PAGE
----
These days, it seems most of what’s slung onto our screens has been done before. Last year alone saw cinemas spammed with more Star Wars, more Harry Potter, more Mission Impossible, heaps of Marvel movies, another Jurassic World and a fourth rendition of A Star is Born. Hollywood appears to be habitually rehashing, rebooting and remaking the same old stories. But is this down to laziness and a hunger for easy money? Or is it a deeper problem, have all the original ideas been taken?

If you take a look at 2018’s top 20 box office performances, all but 3 are either a sequel, a remake, or part of a franchise, with no original films in the top 10. It’s easy to see why Hollywood loves its formulas when they rake in such vast sums of money. But casting a glance at the recent BAFTA awards, we see how abundantly original films are peppered through the award categories, with predominantly original films (Roma, The Favourite, Green Book, Bohemian Rhapsody and BlacKkKlansman) taking home the big awards. So clearly, successful new movies are being made, but studios are often unwilling to take the gamble.

This exhibits how franchises can provide a safe platform for studios to take new leaps and experiment, but unfortunately, they rarely break from they’re tried and tested process

That’s not to say that franchise films can’t be as good as original films, Black Panther for example, gained popularity among both critics and audiences, and received a handful of award nominations. This exhibits how franchises can provide a safe platform for studios to take new leaps and experiment, but unfortunately, they rarely break from they’re tried and tested process. With a steady stream of formulaic instalments, we end up with a series of almost identical films allowing audiences again and again to enjoy the same thrills they had the first-time round.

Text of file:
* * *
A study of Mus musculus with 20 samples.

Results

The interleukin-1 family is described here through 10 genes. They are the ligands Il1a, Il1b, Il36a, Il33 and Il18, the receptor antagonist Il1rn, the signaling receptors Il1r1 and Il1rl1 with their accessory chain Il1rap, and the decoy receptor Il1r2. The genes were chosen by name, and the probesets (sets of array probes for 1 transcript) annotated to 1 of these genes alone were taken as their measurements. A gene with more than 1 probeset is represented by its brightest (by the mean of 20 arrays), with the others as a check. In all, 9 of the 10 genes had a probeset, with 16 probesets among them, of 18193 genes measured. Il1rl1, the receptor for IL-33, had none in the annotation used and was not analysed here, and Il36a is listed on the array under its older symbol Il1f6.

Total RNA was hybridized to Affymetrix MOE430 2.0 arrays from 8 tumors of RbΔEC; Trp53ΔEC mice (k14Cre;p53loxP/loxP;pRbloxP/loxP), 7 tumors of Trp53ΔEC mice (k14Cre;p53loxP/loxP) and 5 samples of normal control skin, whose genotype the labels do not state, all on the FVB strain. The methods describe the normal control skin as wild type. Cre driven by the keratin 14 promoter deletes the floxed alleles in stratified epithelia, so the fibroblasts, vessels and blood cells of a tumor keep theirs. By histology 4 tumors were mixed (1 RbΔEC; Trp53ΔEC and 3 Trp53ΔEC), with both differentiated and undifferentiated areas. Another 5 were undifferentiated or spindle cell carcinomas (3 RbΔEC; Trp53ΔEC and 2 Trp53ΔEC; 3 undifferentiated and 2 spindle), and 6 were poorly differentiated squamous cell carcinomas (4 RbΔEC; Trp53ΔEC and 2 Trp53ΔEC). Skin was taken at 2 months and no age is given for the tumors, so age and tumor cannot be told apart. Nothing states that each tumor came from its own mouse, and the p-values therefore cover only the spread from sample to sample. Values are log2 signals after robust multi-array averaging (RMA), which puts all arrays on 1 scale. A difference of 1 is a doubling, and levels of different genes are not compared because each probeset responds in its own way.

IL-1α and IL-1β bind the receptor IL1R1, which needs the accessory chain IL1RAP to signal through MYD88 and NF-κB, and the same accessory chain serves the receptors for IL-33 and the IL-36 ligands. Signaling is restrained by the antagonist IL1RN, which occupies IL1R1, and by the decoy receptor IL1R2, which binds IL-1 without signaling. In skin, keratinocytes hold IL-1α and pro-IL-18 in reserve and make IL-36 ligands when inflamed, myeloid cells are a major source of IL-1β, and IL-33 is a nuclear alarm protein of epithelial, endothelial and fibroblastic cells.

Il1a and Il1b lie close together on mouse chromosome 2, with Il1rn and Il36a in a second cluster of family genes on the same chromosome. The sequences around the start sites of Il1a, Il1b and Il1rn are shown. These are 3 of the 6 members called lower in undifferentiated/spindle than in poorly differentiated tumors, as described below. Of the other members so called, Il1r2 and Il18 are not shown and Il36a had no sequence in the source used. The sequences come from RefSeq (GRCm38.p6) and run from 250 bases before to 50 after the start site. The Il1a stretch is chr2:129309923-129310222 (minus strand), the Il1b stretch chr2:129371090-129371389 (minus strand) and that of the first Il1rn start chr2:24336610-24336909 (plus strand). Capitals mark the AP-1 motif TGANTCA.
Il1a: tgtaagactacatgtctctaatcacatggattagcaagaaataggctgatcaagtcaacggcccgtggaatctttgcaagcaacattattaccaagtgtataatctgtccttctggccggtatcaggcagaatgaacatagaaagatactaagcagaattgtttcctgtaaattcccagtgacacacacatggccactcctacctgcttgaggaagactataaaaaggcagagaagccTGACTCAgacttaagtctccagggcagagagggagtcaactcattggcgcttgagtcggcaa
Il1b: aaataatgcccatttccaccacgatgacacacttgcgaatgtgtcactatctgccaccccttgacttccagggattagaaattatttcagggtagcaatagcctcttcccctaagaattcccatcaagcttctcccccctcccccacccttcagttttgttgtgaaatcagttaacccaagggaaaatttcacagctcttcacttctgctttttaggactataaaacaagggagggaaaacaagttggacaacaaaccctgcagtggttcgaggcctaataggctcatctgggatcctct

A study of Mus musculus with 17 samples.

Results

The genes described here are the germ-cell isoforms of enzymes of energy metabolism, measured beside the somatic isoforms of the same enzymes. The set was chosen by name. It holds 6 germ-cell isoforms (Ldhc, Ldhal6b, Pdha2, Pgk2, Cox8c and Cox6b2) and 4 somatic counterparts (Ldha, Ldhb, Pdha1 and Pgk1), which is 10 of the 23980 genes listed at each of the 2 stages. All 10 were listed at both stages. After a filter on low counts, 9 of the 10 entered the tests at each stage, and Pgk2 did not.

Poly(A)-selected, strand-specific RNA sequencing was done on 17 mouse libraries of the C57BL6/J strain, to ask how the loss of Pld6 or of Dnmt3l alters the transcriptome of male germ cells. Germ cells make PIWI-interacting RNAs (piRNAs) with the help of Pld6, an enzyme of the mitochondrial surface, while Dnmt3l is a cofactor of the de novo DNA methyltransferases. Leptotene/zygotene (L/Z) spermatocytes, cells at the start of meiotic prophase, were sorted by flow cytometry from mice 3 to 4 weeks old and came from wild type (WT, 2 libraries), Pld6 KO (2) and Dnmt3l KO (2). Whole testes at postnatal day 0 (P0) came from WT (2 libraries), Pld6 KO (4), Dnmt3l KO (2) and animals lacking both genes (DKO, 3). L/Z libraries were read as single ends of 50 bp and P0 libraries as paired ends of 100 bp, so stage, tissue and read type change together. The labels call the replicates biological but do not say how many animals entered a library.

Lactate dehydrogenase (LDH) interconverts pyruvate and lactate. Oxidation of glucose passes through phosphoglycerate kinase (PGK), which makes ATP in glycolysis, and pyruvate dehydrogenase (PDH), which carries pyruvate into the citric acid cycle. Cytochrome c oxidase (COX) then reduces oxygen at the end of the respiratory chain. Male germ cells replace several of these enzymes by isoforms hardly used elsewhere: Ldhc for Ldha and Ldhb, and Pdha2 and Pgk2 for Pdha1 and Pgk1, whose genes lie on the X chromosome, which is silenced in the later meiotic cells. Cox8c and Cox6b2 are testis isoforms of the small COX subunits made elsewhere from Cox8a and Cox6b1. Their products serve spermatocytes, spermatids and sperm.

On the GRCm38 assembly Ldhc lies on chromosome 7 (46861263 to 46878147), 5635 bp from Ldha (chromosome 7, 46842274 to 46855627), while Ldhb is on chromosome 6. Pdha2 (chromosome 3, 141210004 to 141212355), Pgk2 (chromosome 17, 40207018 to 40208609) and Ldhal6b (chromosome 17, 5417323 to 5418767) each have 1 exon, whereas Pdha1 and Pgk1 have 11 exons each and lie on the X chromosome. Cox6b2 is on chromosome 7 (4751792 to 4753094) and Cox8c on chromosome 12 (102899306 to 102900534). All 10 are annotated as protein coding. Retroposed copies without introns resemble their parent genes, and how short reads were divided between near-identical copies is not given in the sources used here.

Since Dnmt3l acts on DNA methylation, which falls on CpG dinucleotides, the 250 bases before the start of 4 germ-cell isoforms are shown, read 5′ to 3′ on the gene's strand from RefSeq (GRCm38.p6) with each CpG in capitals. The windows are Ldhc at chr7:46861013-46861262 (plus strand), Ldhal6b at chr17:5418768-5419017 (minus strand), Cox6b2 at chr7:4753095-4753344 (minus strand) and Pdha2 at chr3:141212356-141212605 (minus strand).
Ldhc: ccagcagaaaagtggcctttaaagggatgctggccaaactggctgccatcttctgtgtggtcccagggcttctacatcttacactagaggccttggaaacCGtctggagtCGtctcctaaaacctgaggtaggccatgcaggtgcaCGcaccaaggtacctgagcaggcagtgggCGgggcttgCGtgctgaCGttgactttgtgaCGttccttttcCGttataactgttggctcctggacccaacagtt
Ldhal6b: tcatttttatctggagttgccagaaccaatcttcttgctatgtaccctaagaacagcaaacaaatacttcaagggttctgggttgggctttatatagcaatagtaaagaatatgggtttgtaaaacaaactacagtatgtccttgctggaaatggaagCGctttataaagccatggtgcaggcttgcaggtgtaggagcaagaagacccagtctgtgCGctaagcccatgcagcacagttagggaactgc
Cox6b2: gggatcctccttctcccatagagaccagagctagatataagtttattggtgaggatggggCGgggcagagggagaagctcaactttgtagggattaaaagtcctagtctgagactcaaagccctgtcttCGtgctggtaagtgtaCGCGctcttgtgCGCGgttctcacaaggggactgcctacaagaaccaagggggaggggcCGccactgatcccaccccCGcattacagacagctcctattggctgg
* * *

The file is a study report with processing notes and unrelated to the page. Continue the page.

Another trend in the movie business now, is rebooting. It’s easy, you just flick through old series, find one that was successful, slap on a slightly different name (i.e. change Park to World) and do the whole thing all over again. Nostalgia is the stock and trade of Hollywood at the moment, and studios bank on the fact that people will pay good money to relive something they adored in their youth. Recent films only just manage to hold themselves up on the crutch of old characters and ideas, generic movies with little genuine quality are churned out, but still, they make money. Studios have deep problems in their attitudes towards storytelling. After all, films are stories, and the constant rebooting of once complete series can ruin amazing films for the sake of money (the Star Wars prequels come to mind).

I hope that audiences will tire of seeing the same movies again and again, and that Hollywood will be forced to allocate more time and energy to everything it creates

I like to think the laziness of the movie industry is unsustainable, I hope that audiences will tire of seeing the same movies again and again, and that Hollywood will be forced to allocate more time and energy to everything it creates. But as long as franchises continue to outperform original ideas at the box office, there is no reason for the industry to change. The reluctance to innovate, to push and search for fresh veins of creativity risks leading to stagnation in the film industry. Every successful movie franchise began its life as an original film, and if movies are to continue to impact audiences so heavily, then studios must dig into their courage and imagination.